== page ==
Once upon a time there was a little girl who read the Cat in the Hat book and thought to herself “poetry rhymes and is funny and can tell a story with great pictures, and I shall make a poem that rhymes and is perhaps a little bit funny, but mostly the sounds at the end have to sound the same.” So she made words on a piece of paper with a pencil and had “shine” and “fine” show up and she felt very excited about the high pitched squeal of those sounds. She showed the words on the piece of paper to her babysitter who was a southern lady down on her luck, and the lady said “this is a poem!” and the girl felt very proud and told her parents who looked at her a bit confusedly because they were business people, and poetry was not a “business” and therefore had questionable application to real and fiscal life. This was the beginning of making these things called poems.
The girl made them in high-school after reading about a strange man who insisted on never using capital letters and who wrote about conscientious objectors and cars and having sex. Then she read about another man who lived far away in South America and who was something called a “radical” and she read about another man who lived in the Soviet Union (which used to be Russia) and who wrote poems about the terrible things that happened there. She realized that poems did not have to rhyme and could be weird and could be sad and could be funny and could be political, and she loved them even more. So she made and made and made and made.
But then she got to college and she sat on the editorial committee of something called a literary journal. And the women on the committee were very picky about what was a poem and what wasn’t and whether something called a “line ending” worked or not. None of her poems got accepted into the journal, and this was the beginning of poetry world feeling like a not very nice place to be. After a few more encounters with said literary journal, the girl went underground. She wrote and she wrote and she wrote, but she put it all on pieces of paper in drawers or on the backs of envelopes shoved into books, and this went on for many years.
But poems do not stay put. They insist on saying “hello! I’m here! What do you think?” And eventually the girl started to show her work to others and a few poems made it out into the world. But it was still very hard, and the line-endings people, and the significance people were still out there making very hard-to-understand pronouncements about poems and then reading their own poems (which always fit these mysterious categories) with an odd voice that sounded a little like they were talking in slow-motion.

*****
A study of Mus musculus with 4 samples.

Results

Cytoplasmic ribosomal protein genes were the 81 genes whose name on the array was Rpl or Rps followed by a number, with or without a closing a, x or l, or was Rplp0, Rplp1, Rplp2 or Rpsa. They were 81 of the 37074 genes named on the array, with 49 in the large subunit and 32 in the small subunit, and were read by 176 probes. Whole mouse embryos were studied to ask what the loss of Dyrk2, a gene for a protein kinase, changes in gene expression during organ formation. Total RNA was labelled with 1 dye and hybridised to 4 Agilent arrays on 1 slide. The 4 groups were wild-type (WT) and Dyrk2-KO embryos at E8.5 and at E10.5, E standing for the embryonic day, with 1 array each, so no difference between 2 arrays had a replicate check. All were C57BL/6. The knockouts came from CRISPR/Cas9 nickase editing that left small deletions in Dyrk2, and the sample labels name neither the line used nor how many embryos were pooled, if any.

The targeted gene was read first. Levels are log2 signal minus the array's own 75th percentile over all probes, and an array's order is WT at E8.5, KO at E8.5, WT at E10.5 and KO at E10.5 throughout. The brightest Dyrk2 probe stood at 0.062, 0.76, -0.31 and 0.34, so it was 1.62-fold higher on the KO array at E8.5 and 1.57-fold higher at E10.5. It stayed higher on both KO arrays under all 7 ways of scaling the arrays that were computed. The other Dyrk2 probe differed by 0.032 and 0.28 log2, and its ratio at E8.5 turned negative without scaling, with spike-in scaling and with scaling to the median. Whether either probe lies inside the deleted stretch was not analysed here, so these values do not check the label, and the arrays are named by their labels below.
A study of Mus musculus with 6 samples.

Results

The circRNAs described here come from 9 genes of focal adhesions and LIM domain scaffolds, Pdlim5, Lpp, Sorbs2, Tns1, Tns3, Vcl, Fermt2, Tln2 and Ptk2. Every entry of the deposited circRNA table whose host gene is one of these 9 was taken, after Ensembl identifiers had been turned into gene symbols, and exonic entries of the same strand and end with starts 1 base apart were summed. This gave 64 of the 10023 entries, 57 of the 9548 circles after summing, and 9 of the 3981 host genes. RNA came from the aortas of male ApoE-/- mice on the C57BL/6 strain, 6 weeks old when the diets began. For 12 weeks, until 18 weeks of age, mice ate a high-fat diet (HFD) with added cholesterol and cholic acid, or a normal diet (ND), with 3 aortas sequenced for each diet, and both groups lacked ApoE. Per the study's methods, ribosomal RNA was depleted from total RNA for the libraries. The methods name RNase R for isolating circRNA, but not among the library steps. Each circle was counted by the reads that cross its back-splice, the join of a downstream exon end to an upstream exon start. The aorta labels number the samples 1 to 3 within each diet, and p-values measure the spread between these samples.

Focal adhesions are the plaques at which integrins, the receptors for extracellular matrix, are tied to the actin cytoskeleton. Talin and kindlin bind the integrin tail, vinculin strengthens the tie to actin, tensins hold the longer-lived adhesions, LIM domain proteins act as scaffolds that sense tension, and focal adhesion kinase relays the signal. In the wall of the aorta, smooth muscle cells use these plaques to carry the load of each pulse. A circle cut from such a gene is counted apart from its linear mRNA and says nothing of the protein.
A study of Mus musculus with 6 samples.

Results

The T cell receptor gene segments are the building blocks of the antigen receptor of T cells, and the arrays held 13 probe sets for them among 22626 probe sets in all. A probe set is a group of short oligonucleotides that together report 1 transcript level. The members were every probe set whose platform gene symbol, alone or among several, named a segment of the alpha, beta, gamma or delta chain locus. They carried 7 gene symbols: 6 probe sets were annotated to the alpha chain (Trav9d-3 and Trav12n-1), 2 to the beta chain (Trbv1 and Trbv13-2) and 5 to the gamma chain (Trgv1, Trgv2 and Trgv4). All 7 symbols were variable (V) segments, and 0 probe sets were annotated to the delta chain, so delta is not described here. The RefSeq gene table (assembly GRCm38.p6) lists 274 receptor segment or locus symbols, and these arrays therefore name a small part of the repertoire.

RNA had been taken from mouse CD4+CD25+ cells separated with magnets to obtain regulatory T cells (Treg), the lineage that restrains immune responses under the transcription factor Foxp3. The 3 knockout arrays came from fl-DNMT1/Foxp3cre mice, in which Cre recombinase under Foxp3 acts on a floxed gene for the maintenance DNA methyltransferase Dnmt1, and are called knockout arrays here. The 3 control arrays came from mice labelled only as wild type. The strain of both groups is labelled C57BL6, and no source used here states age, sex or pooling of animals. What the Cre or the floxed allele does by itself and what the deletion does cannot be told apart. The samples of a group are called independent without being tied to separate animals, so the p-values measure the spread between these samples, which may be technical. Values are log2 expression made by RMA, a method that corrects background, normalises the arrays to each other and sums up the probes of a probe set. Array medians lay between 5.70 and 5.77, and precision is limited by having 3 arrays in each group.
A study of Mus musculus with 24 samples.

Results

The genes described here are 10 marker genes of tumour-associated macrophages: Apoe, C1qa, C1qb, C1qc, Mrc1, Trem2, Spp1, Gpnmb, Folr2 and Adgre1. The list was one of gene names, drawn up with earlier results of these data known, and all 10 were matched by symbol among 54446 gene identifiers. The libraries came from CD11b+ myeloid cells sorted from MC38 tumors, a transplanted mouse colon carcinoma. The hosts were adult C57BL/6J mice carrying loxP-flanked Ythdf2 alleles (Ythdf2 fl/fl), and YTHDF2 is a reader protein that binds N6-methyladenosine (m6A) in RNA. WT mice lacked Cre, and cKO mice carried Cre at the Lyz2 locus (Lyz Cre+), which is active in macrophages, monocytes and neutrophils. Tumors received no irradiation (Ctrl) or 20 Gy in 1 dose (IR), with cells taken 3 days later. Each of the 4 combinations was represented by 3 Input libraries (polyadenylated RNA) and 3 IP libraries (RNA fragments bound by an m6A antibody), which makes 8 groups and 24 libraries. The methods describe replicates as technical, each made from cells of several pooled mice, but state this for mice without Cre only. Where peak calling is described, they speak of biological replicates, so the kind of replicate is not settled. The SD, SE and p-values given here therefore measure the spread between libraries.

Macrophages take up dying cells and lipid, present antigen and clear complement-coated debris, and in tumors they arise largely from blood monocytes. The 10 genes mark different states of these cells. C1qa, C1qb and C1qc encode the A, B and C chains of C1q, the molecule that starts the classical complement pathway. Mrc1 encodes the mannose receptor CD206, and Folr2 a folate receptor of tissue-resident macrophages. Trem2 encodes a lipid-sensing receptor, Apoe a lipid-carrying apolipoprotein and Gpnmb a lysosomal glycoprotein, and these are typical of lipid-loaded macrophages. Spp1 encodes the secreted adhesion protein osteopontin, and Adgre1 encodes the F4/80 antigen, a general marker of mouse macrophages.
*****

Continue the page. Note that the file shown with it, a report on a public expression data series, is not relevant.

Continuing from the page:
But other poets came along. One was a man who made odd films in Los Angeles, and another was a woman who wrote about India and another woman who wrote about being a Jewish New Yorker, and a woman who wrote about her alter ego who was a weird scary lady, and these people helped other people bring work into the world. And there was a nice man who looked like a bear and his wife who was a beautiful artist and they said POEMS SHOULD EXIST IN HAIR SALONS AND IN LIVING ROOMS AND IN COMMUNITY COLLEGES AND IN BOOKS THAT WE WILL MAKE. And suddenly poetry world was changed.
Then a thin woman with blue eyes came along and got on the radio and said that poems were conversations, and that conversations could happen, and don’t you want to organize into groups and chats and talk about poems and make them too? This radio woman said “by the way — you don’t have to be famous and you don’t have to win awards, but you have to keep practicing and appreciating,” One day the radio woman stood at the edge of the ocean with some new friends, and as the sun set and the moon rose, she recited a poem by a person she admired. And that sharing reminded everyone there that poems are about sharing, and remembering out loud — twisting the words over and around your tongue and teeth and making the sounds, feeling them in your body as physical actual things that vibrate outside and inside and stay.
The girl was there with the others at the edge of the ocean. Later she told a friend. “I felt like that poem was for me.” “I felt that also!” said the friend, and so — it turned out — did everyone there.
That was the truth that emerged. Because that’s how big and and at the same time how small and specific poetry world was always meant to be.
And as we speak and write and think, poetry world gets kinder and wants to get — can get — kinder still.